This rare UK performance by Dungen was a warm up for their appearance at All Tomorrow’s Parties’ “Nightmare Before Christmas” festival (being held at the interesting environs of Camber Sands – a Pontins Holiday Camp!).
The two support acts, Alexander Tucker and Fursaxa (aka Tara Burke) have released their most recent work on the All Tomorrow’s Parties label offshoot (ATP Recordings). Although very different from the headlining band, they were very much peas of the same pod. Perhaps a pod picked by La Monte Young. Both based their performances around the same modus operandi: namely alone with just their favoured instrumentation and a sampler, and building up layers upon layers of melody.
hypnotic drone built on keyboards and supported by a startling array of instruments
Alexander Tucker’s set was more stripped back; distorted folk on a battered acoustic guitar building into a raging peak around his multi-tracked vocals and then falling away to undiluted finger-picking (and back again). The foundations of Fursaxa’s hypnotic drone was built on keyboards and supported by a startling array of instruments. Her’s was an ageless, songless racket. Oriental and gregorian styles drifted in and out and amid it all appeared an accordian and a swanney whistle! The depth that Burke constructed from such humble origins was admirable, but at times it was easy for the mind to wander as the melodic structures she’d built tended to drag on. Another time my feelings might have been reversed but on this night the opener’s analogue drone was preferable.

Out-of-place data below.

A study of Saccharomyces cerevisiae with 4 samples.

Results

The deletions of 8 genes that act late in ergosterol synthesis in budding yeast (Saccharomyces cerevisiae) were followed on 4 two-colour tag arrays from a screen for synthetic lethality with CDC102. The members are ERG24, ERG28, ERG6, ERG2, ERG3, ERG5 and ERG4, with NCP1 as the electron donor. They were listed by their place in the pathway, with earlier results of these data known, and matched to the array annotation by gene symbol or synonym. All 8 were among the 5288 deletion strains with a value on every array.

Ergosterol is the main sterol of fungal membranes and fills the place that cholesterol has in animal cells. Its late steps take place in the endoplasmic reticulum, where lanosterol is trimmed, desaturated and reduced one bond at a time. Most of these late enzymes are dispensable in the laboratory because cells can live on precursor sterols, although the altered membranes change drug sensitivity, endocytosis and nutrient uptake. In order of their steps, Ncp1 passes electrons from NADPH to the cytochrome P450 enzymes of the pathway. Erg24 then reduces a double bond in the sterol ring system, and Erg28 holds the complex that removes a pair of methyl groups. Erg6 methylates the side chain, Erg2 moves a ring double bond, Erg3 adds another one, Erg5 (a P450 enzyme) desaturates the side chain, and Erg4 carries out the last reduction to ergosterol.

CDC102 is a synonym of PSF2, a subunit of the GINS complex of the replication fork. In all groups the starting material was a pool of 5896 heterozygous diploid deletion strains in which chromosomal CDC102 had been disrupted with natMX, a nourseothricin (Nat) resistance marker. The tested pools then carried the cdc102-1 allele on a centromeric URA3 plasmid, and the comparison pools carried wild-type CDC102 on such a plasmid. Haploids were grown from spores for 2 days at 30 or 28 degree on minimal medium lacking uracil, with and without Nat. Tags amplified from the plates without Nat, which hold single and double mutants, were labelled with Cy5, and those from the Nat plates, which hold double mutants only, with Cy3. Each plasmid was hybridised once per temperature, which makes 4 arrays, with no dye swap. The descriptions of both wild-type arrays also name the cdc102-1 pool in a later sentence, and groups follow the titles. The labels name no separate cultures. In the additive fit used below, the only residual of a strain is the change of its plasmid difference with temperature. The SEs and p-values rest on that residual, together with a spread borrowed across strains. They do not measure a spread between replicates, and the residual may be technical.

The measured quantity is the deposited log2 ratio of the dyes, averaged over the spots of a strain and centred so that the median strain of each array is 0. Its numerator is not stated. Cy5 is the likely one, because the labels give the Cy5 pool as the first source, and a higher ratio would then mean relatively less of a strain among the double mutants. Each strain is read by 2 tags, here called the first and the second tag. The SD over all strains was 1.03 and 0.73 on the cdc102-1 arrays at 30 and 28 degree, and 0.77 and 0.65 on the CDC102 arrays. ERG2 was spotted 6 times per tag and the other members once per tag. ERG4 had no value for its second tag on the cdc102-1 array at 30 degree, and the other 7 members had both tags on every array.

Gustav Ejstes, Dungen’s beating heart and soul, grew up in a large house in a small village in rural Sweden. His music teacher father filled his early life with obscure Swedish folk and 60s pop and rock, and these influences clearly run through this year’s fantastic long player – Ta Det Lugnt (Take it easy). Ejstes played most of the instruments on the album himself but here he restricted himself to guitar, keyboards and flute. The three other members fulfilling the roles of bass, drums and guitar were all very skilled and contributed to a set that was as tight as their hair was long (i.e. very).
Critics could, legitimately, call them retro, but that’s missing the point.
They drew heavily from their latest opus throughout, playing most of the album alongside two older tracks. The crowd was quiet up to this point, but once “Panda”’s stuttering drum intro burst forth into driving Zeppelin-fuelled blues rock I knew any unbelievers would soon be converted. “Festival”’s bucolic Woodstock folk (that’s the original not the frat boy riot sequel) was an uplifting joy. When they went on extended intrumental passages (only twice) it was more Hendrix psychedelic blues than swollen prog extravagance. Most importantly of all they really seemed to be enjoying themselves on stage. Smiles all around, which makes a change from some of the po-faced miserabilists out there.
Critics could, legitimately, call them retro, but that’s missing the point. They’re not cynical copyists; Ejstes is imbued with the spirit of the music of his and other countries glorious pasts, in a place presumable untouched by MTV, the NME and major labels’ hard sell. You get the feeling if no one wanted to buy his music he’d still spend his time in his small village with all his instruments. Fortunately for us, he’s very good at it.